UFA of The Day: Ben Eager

The first thing we think of when Ben Eager comes to mind is unpredictability.

In game two against the Vancouver Canucks that idea was on full display-- the first period bore witness to the upside of Eager. He was a one man wrecking crew on the forecheck, took part in a pair of excellent scoring chances, and rang a dangerous wrist shot off the post that nearly put San Jose up 2-0. It looked as if he was on his way to an effective game that would result in his name showing up consistently on the scoresheet.

Which is what happened of course, although not in the way many would have liked it to. After yelling at the Vancouver bench following Patrick Marleau's fight with Kevin Bieksa, Eager proceeded to a) earn a boarding penalty by running Daniel Sedin 90 seconds after yelling at the bench b) trip Mason Raymond in the neutral zone, leading to a Canucks power play goal that put the score to 4-2 c) score a goal with 2:33 left in the game to "cut" the lead to 7-3, which ended with him d) raising his hands in celebration, letting out an audible whoop that was picked up by NBC's microphones, and standing over the prone Roberto Luongo and trash talking him while Joe Pavelski and Ian White tentatively tried to pull him off.

At the end of the game he finished with one goal, twenty penalty minutes, four shots on net, and a game misconduct.

Therein lies the essence of Ben Eager. Drafted in the first round by the Phoenix Coyotes for his imposing raw talent, Eager is a player who elicits no confidence in those predicting what he will bring to the table on any given night. For games (and now that you mention it, shifts) at a time Eager will be an immensely positive force on the ice. His bulldog mentality, strength, size, and excellent hands indicate a road to sustainable success can come at some time throughout in his career. Unfortunately, at the age of 27, that road has led him down the path of sucker punches to Colby Armstrong and trash talking opposing goaltenders with games well out of hand. Moments where he loses his composure-- moments where he probably deserves no such euphemisms.

Ben Eager is a loaded gun on the hockey battlefield, able to begin a revolution and end it with accidental fratricide only moments later. Ben Eager is a banker who promises gold, renegs to silver, and eventually delivers fiat currency to your door. He is a temptress that sings so sweetly at times it nearly makes you forget the long list of scorned lovers left behind, forgotten in the sands of time.

In terms of advanced metrics at 5v5, Eager's results are across the board and tell the story of a player who is deserving of his third/fourth line enforcer role. His quality of competition numbers were 14th on the team at a -0.078, right in line with what you would expect from an enforcer who plays on the fourth line. He was 11th in points per 60 minutes (1.36), but did pot four goals in 34 games with San Jose. He managed to break even and end up with a plus/minus of zero with San Jose, and during the course of the season was a positive at 5v5 with a +/- per 60 minutes of 0.25. He was 11th on the team in shots for versus shots against, finishing in the black at a +2 per 60 minutes. Defensive zone starts were a pleasant surprise, with Eager facing the sixth toughest situations on the team in this regard.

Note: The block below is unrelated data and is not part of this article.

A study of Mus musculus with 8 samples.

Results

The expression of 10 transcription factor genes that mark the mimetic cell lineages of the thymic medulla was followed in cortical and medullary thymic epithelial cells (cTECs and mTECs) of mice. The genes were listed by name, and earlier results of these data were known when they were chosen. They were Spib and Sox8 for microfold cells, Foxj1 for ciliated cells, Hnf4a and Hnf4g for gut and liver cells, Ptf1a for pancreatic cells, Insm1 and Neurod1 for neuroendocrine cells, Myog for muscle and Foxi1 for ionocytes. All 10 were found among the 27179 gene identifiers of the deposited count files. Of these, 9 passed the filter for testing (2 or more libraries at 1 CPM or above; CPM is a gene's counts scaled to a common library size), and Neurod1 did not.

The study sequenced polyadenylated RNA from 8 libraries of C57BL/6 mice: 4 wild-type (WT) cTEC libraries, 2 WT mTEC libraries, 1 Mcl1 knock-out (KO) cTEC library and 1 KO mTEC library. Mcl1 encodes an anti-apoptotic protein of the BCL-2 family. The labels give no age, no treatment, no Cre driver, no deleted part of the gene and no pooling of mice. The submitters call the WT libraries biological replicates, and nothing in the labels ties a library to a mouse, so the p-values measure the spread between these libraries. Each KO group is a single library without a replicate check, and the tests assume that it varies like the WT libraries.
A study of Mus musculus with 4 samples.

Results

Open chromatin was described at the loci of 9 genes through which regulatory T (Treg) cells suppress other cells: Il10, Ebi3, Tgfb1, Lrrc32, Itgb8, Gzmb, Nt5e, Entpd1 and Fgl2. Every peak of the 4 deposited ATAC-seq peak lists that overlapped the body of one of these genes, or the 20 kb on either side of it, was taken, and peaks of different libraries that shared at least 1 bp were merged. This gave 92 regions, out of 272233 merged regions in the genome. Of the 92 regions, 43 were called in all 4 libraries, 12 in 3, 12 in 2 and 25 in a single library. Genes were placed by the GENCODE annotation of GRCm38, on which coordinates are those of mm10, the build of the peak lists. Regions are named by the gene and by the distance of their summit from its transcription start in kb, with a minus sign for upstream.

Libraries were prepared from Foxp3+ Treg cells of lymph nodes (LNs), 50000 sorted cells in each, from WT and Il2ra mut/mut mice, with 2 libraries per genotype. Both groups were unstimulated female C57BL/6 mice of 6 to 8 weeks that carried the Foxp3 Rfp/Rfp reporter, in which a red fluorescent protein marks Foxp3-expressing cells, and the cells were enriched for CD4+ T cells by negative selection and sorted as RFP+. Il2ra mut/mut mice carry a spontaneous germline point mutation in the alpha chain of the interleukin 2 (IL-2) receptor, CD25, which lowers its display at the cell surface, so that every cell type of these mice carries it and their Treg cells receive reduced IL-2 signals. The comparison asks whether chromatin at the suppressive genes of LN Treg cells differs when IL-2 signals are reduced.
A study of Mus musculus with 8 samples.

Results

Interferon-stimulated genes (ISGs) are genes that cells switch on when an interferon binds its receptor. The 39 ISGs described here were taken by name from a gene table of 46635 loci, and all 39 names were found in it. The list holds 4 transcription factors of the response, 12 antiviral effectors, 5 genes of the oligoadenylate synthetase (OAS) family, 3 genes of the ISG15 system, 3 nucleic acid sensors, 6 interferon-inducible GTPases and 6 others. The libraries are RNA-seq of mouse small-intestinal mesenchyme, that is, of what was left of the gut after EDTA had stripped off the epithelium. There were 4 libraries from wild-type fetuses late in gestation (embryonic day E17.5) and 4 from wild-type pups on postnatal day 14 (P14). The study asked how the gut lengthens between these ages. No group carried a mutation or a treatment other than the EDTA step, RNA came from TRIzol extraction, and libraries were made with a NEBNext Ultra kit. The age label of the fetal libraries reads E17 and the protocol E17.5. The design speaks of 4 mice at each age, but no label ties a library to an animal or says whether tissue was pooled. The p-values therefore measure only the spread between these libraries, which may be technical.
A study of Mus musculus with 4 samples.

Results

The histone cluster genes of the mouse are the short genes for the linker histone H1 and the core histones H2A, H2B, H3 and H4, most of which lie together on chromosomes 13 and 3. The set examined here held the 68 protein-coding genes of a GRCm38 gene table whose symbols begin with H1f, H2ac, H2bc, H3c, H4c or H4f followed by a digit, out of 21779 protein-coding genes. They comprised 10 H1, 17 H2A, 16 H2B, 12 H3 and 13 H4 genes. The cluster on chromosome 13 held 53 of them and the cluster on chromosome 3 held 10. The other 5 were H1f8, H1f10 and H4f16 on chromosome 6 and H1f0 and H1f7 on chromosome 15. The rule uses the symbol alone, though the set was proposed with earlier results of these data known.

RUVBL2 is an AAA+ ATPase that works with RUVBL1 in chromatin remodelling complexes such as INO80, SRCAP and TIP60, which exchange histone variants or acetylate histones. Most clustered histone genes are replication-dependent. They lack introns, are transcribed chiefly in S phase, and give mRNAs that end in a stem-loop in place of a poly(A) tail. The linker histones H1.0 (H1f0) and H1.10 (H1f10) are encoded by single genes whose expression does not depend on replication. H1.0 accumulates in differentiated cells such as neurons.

However, the most relevant statistic in my opinion is that of his penalty taken differential. Eager was second worst on the team with 1.5 penalties taken per 60 minutes of ice, trailing only Jamal Mayers and Scott Nichol (both will not return next season). That metric is inexcusable for fourth line players on an NHL roster. Coupled with his non-inclusion on special teams, Eager's body of work this season is not exactly one that screams for a contract offer.

That being said, NHL teams always do find a way to give themselves a safety blanket and ice a tough-guy of Eager's ilk. With the NHL roster devoid of such players, and only Frazer McLaren having experience in San Jose serving such a role, there may be a desire to keep him around in order to serve up a special brand of vigilante justice.

The merits of such an idea should be questioned due to the above statistics however.

Final Words: There is no doubt in my mind that Eager can be an extremely effective player in the NHL. His raw talent combined with his devil may care physical play has a place in this League, and for that reason alone, San Jose will remain interested in his services this offseason. There is a lot here to like, but as we've pointed out in our analysis, there is a lot here that should be a concern for the organization as well.

Eager is a player who would do well to play under a very strict disciplinarian, an old-school fire and brimstone coach like Mike Keenan. A full year under that type of discipline would likely result in a more fortuitous approach to his role of fourth line agitator. With those types of coaches leaving the NHL however, Eager's ability to find a way to curb his needless penalties will have to come from within.

In conjunction with Eager the player, his future with San Jose is unpredictable. Doug Wilson clearly saw a talented forward when he acquired Eager from the Atlanta Thrashers midway through the season, and even though I tend to fall on the "nay" side of the ledger when it comes to re-signing his services, there is an appeal here. Ultimately I think that upside has greater application in theory rather than practice and would not offer him a contract.

If Eager does re-sign however, expect the contract to come in the one-year $0.900 MM range.